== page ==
WARSAW, Poland (AP) — President Barack Obama said Friday that America is "horrified" by a targeted shooting of police officers in Dallas, and he said there is no justification for the violence.
"We still don't know all the facts. What we do know is that there has been a vicious, calculated and despicable attack on law enforcement," Obama said in a brief statement to reporters.
Obama spoke from Warsaw where he was holding talks with NATO and European Union leaders. The president arrived early Friday shortly before the attack killed five officers and wounded seven others during protests over fatal police shootings of black men in Minnesota and Louisiana.
The president called the motive behind the sniper attack "twisted" and vowed that "justice will be done."
"There is no possible justification for these kinds of attacks or any violence against law enforcement," Obama said.
The Dallas shooting forced the White House to consider whether Obama would continue his travels as planned. Obama is slated to attend meetings in Warsaw Saturday before heading on to Spain, where his itinerary includes cultural stops and meetings with Spanish leaders. He's not due back in Washington until Monday.
"I just don't have any changes to the schedule to announce, particularly given that this is something that just transpired in the last 18 hours, but it's something that we will follow closely and if it merits or requires a change in the president's schedule, then we'll certainly let you know," presidential spokesman Josh Earnest said Friday evening.
He said Obama would attend NATO's summit Saturday and proceed with a planned news conference in the evening.
"He didn't get a lot of sleep last night and he won't get much tonight."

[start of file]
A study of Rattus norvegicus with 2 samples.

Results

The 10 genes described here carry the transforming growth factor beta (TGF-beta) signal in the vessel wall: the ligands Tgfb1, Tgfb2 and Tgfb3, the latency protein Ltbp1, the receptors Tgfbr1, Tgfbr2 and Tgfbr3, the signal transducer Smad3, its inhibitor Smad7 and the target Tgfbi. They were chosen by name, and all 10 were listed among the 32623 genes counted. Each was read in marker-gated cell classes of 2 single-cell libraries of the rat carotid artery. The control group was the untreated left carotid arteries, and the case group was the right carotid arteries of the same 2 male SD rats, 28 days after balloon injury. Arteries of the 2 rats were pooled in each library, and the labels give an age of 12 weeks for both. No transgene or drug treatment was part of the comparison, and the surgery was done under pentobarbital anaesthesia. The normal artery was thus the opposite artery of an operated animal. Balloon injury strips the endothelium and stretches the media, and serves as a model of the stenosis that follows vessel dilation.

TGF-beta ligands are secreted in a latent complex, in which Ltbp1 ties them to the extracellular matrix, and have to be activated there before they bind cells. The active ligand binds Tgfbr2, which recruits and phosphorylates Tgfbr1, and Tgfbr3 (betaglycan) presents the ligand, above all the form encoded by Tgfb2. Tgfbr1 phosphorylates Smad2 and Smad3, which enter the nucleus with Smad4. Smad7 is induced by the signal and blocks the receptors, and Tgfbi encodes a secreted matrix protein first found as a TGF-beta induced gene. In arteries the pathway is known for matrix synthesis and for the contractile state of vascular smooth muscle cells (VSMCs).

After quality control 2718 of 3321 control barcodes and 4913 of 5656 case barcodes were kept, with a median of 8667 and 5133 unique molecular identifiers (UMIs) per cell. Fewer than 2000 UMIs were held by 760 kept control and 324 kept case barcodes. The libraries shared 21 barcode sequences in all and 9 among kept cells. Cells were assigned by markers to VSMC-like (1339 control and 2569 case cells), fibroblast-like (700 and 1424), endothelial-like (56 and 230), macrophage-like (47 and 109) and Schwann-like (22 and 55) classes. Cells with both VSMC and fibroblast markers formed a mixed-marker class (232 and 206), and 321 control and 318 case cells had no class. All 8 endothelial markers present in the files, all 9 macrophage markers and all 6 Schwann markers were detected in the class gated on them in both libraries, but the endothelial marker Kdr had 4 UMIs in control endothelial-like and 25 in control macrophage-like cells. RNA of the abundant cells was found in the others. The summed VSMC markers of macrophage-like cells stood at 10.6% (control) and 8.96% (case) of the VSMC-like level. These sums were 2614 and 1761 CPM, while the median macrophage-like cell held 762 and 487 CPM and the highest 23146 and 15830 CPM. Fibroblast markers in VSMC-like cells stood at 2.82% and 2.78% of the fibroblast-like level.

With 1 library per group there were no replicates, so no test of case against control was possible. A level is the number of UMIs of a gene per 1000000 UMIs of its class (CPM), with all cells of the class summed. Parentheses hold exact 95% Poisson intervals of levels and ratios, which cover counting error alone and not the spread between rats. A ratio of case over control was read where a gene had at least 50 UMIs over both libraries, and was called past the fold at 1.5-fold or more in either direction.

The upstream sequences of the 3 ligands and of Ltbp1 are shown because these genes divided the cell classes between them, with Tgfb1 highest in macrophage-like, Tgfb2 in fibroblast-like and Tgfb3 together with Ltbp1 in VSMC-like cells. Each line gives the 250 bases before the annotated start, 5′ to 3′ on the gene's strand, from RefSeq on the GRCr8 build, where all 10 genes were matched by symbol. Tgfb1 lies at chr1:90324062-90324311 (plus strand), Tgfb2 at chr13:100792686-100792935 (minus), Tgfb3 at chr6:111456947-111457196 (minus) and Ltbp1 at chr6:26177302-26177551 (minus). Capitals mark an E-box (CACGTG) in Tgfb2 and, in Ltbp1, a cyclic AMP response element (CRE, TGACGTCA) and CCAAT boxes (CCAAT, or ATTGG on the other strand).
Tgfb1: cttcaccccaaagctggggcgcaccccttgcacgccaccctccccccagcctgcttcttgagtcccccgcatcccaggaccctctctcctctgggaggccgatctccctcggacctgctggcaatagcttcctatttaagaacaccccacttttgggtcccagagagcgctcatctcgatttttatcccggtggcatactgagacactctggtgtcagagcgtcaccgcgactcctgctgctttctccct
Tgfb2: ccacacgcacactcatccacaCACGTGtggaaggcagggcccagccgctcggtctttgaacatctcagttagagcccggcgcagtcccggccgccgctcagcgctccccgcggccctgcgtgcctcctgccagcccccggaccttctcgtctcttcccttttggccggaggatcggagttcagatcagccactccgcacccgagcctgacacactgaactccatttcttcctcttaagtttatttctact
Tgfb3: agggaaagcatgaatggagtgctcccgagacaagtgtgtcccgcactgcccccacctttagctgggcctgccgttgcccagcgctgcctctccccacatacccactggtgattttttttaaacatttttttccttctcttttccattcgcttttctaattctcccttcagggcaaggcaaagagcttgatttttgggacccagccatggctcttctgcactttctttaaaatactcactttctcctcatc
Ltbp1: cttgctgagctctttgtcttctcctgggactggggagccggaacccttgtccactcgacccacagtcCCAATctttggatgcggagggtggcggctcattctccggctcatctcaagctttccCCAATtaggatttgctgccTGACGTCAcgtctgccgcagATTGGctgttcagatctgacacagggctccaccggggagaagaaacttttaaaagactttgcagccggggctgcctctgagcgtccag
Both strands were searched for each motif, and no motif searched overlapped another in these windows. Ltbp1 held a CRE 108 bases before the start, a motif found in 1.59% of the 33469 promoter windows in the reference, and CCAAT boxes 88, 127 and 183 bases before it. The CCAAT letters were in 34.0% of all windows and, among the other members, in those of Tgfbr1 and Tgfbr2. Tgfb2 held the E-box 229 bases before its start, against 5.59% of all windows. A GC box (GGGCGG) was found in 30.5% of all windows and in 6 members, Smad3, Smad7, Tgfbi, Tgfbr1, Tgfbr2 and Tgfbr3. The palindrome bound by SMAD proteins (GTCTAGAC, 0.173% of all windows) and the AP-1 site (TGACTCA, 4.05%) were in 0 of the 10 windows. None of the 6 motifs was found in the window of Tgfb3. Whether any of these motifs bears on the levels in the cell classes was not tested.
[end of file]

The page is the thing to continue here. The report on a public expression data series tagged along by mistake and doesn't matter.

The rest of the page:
Immediately after landing in Warsaw, and before the shootings, Obama made a point of expressing solidarity with protesters. In a hastily arranged statement to reporters, a visibly frustrated Obama urged Americans to do more to fight injustice and racial disparities in the criminal justice system.
The remarks were aimed in part at ensuring Obama's voice wasn't absent from the roiling public debate over police shootings — an issue he has prioritized in his second term. The president has acknowledged becoming out of touch with the public mood during past foreign travels and seemed determined not to let that happen this week.
In his initial comments on racial bias in policing, Obama proved to be grimly attuned to the potential for violence directed at police and criticism that the protesters were hostile toward law enforcement.
There's no contradiction between supporting law enforcement and working to see that biases in the justice system are rooted out, Obama said.
"So when people say 'Black Lives Matter,' that doesn't mean blue lives don't matter," he said, referring to police. "It just means all lives matter — but right now, the big concern is the fact that the data shows black folks are more vulnerable to these kinds of incidents."
Obama expressed his gratitude to police officers and noted he had grieved with families of fallen officers. He reiterated that message Friday morning.
"Today is a wrenching reminder of the sacrifices that they make for us," Obama said. "Today our focus is on the victims and their families. They are heartbroken. The entire city of Dallas is grieving. Police across America, which is a tight-knit family, feels this loss to their core."
Obama said he spoke with Dallas Mayor Mike Rawlings early Friday and offered his support and condolences. He said the FBI is also in contact with Dallas police.